Investment Part of Long-Term Healthy Places NC Initiative
With support from the Trust, local groups are working to improve the health of McDowell County and the surrounding region by expanding workplace wellness opportunities and efforts to provide employees with direct access to a variety of health services. This investment is part of Healthy Places NC—the Trust’s long-term commitment to improving the health of residents in the state’s rural, under-resourced counties.
The Isothermal Planning and Development Commission (IPDC)—the regional Council of Governments for Cleveland, McDowell, Polk and Rutherford Counties—will receive $210,514 to work with employers to increase investments in programs addressing limited access to health care, behavioral health resources, health insurance, healthy food options, transportation, and child care for low-income employees and their families in the manufacturing, small business and government sectors.
The grant is the result of a collaboration between IPDC and the McDowell Health Coalition to expand local efforts to help employers improve their bottom lines, make their worksites healthier places to be employed, and connect employees to free or low-cost resources.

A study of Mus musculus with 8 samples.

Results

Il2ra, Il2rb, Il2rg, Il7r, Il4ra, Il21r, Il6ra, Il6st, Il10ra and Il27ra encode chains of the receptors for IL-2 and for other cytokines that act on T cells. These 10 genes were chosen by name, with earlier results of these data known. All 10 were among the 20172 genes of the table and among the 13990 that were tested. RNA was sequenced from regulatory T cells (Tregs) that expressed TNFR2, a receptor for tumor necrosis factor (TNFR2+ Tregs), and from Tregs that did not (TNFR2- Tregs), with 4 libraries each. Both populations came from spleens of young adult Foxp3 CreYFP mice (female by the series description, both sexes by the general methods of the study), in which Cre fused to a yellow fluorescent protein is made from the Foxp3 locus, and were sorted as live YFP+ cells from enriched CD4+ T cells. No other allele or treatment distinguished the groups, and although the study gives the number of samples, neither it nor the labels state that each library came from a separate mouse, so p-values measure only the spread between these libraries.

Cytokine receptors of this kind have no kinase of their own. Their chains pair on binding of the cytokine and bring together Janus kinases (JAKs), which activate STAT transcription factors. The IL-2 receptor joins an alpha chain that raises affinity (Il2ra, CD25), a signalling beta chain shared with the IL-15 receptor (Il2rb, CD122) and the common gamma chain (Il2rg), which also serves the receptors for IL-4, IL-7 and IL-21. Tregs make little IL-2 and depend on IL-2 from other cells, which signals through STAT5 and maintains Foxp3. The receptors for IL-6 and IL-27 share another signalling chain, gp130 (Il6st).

“Manufacturing jobs dominate our region, leaving many of our friends and neighbors juggling busy and demanding schedules along with their health needs,” said Nick Byrd, Workplace Wellness advisor of the McDowell County Health Coalition (the Coalition). “Over the past two years we’ve seen the tremendous impact that strategies like onsite substance abuse counselors or in-house paramedics can have on employee health. We look forward to working with IPDC to spread the work and establish a blueprint for increased employer investment in wellness activities.”
In addition to working in McDowell County, IPDC will seek to spread wellness efforts across the four-county region they represent.
“If we want to improve health it must be part of the economic structure of the community,” said Scott Dadson, executive director of the Isothermal Planning and Development Commission. “That can’t stop at the county line. People from McDowell work in neighboring counties and many employers are subsidiaries to larger companies outside the county. We see this as a hyper-local effort building on existing efforts but also spreading best practices throughout the region.”
The funding is part of a series of grants awarded by the Kate B. Reynolds Charitable Trust to organizations across the state. Selected projects are driven by the community’s concerns, and the Trust works in partnership with residents toward sustainable, long-term change.
“The work happening in McDowell County around workplace wellness is inspiring, and we are proud to support it,” said Dr. Laura Gerald, president of the Kate B. Reynolds Charitable Trust. “This is about more than employers and employees. This is a community coming together, identifying needs and then challenging existing systems and norms to help improve the health and economic well-being of an entire region.”
McDowell County is part of the Trust’s Healthy Places NC initiative. The Trust plans to invest $100 million in 10 to 12 rural counties. To date, the Trust has invited seven counties—McDowell, Beaufort, Burke, Halifax, Rockingham, Edgecombe and Nash Counties—to participate.